A bill has been introduced in the Virginia Senate limiting tax deductions for bonuses and promotions.  

Senate Bill 1142 – introduced by Democratic state senator Jeremy McPike – would amend the existing code of Virginia definition of adjusted gross revenue. Under current law, “adjusted gross revenue” means gross revenue minus four specified deductions.

The proposed amendment would change the first deduction which allows for allows for operators to deduct all bonuses and promotions from gross revenue. It would seek to impose a cap on the amount that can be claimed beginning at 2.5% of the total wagered by the player in 2023/4, lowering to 1.75% by 2026.

This would have the effect of potentially raising the tax burden on sports betting operators in Virginia, since it is adjusted gross revenue, not gross revenue which is subject to the state’s 15% gaming tax.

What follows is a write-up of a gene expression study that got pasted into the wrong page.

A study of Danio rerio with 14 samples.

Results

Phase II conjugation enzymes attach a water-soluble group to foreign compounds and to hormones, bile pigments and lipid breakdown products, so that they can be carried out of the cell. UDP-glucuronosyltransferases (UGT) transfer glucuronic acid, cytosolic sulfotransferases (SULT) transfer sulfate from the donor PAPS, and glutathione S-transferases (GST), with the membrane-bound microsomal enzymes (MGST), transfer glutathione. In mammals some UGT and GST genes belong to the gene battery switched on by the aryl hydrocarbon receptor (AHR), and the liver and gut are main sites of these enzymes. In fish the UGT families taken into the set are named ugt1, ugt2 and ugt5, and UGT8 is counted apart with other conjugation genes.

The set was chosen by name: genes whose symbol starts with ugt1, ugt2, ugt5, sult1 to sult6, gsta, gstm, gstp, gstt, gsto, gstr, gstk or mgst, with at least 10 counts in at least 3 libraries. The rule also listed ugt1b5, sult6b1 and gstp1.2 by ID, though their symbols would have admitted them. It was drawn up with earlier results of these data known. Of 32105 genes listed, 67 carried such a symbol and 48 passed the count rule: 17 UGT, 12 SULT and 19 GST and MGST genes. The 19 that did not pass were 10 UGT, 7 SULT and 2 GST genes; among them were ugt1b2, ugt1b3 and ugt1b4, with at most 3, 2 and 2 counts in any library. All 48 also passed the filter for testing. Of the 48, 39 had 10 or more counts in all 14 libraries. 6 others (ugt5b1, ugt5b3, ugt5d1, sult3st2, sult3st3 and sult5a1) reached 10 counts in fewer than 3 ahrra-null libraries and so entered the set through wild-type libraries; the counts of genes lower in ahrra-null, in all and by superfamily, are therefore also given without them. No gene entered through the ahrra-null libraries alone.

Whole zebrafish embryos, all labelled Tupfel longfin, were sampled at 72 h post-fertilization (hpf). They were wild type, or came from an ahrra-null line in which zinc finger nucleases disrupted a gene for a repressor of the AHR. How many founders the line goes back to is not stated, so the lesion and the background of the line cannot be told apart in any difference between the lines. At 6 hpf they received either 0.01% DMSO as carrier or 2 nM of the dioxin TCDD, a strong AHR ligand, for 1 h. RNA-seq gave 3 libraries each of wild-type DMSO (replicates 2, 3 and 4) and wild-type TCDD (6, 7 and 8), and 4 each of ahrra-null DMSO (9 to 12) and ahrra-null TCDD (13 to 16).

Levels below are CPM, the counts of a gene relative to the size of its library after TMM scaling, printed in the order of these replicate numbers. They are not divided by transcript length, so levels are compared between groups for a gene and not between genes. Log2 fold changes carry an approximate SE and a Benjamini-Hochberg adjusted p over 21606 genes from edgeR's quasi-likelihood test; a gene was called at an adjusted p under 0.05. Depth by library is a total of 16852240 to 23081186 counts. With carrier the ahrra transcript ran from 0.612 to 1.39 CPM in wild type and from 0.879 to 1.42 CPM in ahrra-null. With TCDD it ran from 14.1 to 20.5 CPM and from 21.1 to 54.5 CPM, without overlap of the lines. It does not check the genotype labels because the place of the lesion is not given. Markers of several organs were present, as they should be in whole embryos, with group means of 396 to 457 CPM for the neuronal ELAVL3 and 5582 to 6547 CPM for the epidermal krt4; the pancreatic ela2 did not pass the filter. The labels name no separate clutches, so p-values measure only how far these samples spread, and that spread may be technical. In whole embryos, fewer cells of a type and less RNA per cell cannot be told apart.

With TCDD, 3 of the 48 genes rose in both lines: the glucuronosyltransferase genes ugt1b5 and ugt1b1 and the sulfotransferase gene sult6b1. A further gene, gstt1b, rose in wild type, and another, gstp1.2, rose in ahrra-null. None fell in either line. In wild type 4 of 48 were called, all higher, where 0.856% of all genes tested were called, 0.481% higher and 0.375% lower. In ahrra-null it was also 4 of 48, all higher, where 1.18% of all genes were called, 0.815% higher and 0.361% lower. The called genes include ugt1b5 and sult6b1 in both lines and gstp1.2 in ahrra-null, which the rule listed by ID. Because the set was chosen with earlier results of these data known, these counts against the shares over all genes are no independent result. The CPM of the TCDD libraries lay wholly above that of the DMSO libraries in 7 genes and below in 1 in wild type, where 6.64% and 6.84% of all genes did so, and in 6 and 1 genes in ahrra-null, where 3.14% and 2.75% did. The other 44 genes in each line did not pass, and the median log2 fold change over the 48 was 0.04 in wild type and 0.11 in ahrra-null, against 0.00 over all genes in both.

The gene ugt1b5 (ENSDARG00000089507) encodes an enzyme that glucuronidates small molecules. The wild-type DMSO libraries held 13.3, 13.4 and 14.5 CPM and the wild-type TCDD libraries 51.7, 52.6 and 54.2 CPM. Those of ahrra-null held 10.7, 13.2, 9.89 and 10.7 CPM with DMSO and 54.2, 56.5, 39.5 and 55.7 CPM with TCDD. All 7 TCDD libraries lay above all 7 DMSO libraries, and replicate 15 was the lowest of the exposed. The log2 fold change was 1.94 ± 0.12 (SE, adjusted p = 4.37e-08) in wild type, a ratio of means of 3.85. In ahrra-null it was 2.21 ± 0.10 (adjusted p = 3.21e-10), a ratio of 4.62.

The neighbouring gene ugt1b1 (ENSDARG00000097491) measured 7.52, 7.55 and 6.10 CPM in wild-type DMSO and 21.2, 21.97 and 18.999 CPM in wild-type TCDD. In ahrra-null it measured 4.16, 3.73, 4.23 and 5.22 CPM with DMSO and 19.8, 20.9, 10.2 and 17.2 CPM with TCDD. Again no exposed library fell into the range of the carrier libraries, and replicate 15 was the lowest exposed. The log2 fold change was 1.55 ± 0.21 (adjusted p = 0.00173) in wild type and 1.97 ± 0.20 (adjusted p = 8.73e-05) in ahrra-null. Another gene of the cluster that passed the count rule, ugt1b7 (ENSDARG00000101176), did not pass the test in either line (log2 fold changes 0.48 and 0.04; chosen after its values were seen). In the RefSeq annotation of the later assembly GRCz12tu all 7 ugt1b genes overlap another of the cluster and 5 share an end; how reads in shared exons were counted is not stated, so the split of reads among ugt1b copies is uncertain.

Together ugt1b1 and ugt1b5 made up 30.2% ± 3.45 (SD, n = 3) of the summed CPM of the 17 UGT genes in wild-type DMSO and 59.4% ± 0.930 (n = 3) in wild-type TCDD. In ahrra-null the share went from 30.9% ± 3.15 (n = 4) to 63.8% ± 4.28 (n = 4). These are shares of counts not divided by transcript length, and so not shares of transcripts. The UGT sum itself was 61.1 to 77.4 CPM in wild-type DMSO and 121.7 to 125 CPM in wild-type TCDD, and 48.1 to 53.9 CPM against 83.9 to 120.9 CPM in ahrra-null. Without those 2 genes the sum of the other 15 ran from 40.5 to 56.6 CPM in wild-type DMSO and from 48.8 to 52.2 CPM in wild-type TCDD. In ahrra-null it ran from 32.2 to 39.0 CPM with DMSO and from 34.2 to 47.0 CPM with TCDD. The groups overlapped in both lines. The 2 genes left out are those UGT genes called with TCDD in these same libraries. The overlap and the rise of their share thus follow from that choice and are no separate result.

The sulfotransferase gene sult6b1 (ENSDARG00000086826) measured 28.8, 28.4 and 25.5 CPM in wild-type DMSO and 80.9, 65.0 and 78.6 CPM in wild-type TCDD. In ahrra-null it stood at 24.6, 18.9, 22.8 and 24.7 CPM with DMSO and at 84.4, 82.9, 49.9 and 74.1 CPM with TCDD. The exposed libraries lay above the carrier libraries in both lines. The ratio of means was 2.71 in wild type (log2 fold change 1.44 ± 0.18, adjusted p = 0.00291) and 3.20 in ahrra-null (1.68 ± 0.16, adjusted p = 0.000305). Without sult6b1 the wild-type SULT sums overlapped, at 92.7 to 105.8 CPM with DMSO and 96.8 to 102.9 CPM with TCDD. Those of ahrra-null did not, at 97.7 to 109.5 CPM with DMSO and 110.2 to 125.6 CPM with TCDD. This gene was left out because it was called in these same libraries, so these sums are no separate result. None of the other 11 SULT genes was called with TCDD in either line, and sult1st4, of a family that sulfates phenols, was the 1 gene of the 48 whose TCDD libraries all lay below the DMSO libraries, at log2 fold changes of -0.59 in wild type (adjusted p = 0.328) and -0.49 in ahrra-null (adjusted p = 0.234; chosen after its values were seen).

The bill has been assigned to the Committee on Finance and Appropriations.

State gaming market

In April 2020, Virginia legalised sports betting after the then-governor Ralph Northam signed House Bill 896 into the law. Following the launch of the regulated market in January 2021, Virginia has grown to be a significant sports betting market.

In November 2022, consumers in Virginia wagered 518.8m (£431.5m/€488.9m) on sports, leaving an adjusted gross revenue of $52.8m.

Divided government

Following the results of the 2022 US Midterm elections, the Virginia government is divided between the Democratic and Republican parties. The governor’s mansion is occupied by a Republican – Glenn Youngkin – as is the state house.

Meanwhile the senate, the chamber the bill’s sponsor McPike resides, is a Democrat. Therefore, whether the bill will succeed or fail depends on the extent of bipartisan cooperation that can be achieved.